What it is like to climb 5,604m volcano in the world’s highest and the driest desert?
Gale. Endurance. Triumph.
That’s how I would describe the climb to Cerro Toco. It was the hardest hike. It made me shiver, scream, cry, and feel the emotions that I didn’t know I had. Why did I do it? Well, that’s a long story.
Atacama Desert has been on my list for quite a long time because of their long standing relationship with astronomy. Other than that, I didn’t know much about it. When I was at the excursion briefing at explora Atacama, I was pleasantly surprised by the diversity of this region. As I was planning my five days there, I found out that Cerro Toco hike to 5,604m summit is like the pinnacle of Atacama. It’s one of the highlights among 41 excursions they provide. It’s marked as ‘advanced’. With the intimidating height, I wasn’t sure if I could really do it. Due to the elevation, I had to get acclimatized to even try.
Three days of acclimation after, the day finally came. The hike to Cerro Toco was going to be short and sweet. The trail head starts at 5,200m elevation; 400m elevation gain and 3km walk to the summit. It would be the highest point I’ve ever been. For relatively fit people, it takes about 4 hours; two and a half hours uphill, photo break at the summit, and 40 minute downhill. You know the moment of self-doubt, ‘What if I’m not one of those ‘fit’ people?’ is very real in the adventure travel world. Even though I’m a fairly strong hiker, it’s always intimidating to be around by super fit people. Occupational hazard, I would say. Can I do it? Well, I would never know until I try. So, I left for Cerro Toco, 8:30am on October 14, 2015.
With a full bottle of water and wearing (literally) all the clothes we have, three of us, Todd, Nacho, and I head to the volcano. It’s less than 30-minute drive away from the lodge. To fight the altitude, we made ourselves busy drinking water and breathing deep. The car stopped at the trail head. We opened the door and immediately closed. The temperature must have been quite far below freezing with the strong wind. On the top of 5 layers of shirts, I padded with a down jacket, a windbreaker, two winter hats, and snow gloves.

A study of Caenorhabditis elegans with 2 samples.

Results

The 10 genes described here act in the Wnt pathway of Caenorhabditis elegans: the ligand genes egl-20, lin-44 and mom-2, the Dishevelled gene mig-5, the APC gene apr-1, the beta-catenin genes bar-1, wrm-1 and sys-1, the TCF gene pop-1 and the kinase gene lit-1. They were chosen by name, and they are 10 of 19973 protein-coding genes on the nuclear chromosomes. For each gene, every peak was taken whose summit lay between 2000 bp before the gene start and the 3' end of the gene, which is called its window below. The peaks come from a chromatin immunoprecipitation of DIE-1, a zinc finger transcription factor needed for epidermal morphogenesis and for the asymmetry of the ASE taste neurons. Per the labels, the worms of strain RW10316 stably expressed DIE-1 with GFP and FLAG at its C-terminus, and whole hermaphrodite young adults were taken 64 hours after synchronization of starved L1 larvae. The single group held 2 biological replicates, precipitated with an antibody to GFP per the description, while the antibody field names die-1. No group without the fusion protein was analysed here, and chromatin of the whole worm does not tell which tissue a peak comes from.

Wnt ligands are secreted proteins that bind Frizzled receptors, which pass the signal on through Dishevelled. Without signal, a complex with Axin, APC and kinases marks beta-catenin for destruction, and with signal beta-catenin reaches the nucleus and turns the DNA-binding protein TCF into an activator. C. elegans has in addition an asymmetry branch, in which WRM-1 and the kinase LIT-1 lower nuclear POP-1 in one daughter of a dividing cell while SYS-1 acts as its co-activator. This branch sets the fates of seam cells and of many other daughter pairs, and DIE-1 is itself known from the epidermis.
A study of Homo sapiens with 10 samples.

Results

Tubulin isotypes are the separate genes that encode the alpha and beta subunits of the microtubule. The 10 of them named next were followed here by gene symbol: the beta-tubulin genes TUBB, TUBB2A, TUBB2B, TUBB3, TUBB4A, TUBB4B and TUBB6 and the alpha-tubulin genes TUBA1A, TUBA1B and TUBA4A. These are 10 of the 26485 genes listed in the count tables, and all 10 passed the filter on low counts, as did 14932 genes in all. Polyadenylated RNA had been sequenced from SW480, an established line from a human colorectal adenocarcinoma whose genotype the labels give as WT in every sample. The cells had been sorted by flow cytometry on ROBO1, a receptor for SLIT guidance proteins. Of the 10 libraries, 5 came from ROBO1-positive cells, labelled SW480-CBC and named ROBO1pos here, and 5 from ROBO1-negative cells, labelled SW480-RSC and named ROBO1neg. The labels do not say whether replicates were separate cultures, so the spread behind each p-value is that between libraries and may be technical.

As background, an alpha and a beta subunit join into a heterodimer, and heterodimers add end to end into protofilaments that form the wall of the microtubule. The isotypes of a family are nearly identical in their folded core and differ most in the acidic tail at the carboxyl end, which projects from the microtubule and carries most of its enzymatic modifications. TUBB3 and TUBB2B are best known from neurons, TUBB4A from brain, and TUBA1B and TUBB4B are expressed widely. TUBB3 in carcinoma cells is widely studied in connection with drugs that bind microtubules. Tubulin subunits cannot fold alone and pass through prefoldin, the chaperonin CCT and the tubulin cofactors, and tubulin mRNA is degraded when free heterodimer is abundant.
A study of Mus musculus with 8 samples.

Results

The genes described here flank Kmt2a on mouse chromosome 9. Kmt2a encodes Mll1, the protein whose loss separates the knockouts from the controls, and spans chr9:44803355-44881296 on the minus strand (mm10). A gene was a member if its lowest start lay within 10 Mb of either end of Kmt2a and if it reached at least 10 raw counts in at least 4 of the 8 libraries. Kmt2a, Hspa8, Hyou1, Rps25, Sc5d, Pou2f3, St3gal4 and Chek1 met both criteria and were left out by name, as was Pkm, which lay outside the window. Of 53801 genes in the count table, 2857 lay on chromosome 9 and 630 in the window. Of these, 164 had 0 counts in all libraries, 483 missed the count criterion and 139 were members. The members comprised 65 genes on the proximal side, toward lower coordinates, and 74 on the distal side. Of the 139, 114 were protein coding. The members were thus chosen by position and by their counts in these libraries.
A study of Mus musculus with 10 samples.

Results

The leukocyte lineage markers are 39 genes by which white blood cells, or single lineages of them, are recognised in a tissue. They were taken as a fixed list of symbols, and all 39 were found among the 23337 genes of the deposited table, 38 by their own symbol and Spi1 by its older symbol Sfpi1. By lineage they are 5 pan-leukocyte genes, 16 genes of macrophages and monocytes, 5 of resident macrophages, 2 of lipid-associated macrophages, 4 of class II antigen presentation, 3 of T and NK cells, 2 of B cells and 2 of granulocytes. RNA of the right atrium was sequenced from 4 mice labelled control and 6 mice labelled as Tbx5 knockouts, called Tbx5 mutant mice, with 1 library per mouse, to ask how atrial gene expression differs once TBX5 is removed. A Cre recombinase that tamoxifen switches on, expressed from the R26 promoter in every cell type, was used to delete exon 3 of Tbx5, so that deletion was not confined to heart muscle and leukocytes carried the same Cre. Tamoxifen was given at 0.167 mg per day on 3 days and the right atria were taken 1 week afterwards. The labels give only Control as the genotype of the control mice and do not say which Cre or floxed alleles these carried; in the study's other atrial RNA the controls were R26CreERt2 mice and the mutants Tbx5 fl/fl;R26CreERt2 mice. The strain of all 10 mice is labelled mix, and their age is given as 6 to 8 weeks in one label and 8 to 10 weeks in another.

Considering the start was at 5,200m, we did good. But the altitude made the footsteps heavier and lungs smaller. The wind at Salar de Aquas Caliantes the day before was quite strong, but it was nothing compared to this day. The hard part came after about 2/3 way up. While walking on the last bit of switchbacks, the wind started to blow from the front, which made it hard to balance and harder to ascend. I fell to the ground, in order not to get knocked out by the wind. The repeated motion and wind tired me fast. It was the strongest wind I’ve ever felt on my body. ‘Should we go back? I don’t think we’re supposed to hike with this wind…’ I thought to myself. Not because I was tired of trying, but I was genuinely worried about our safety. That’s how strong the wind was. ‘I don’t know why I’m doing this to me.’ ‘I can do it! We can’t stop now.’ ‘But what for?’ My mind was playing tricks. But one thing for sure, I knew I couldn’t stop here.
“Go get it! It’s all yours!” Nacho screamed through the sound of wind. We were one step away from the summit. I crawled my way up to the top and burst into tears. It was the longest and most intense two hours of my life. But we did it; we were standing on the top of the world!
There was a stick that symbolized the summit. That scrawny stick meant everything to us. We were higher than most of the mountains near us. Even ALMA, which is the group of radio telescopes installed at 5,000m plateau was far below. We were right near the border between Bolivia and Chile. A small white shed worked as a border control, Nacho said. Does this count as going to Bolivia?
We embraced our triumph with coca tea. The importance of trying more difficult adventure is because it let us fight with ourselves. We push the boundary and test how much we can take. Sometimes we neglect to give credit to our abilities. Through this kind of opportunity, we build more trust with our potential. I pad myself in the back, and came back down while trying really hard not to get blown away by the wind.
In the mean time at explora… Apparently people were worried about our safety because of the wind. They were in disbelief that we went to Cerro Toco on a day like this. When we radio them on the way down, everyone cheered for our safety. La aventura, right?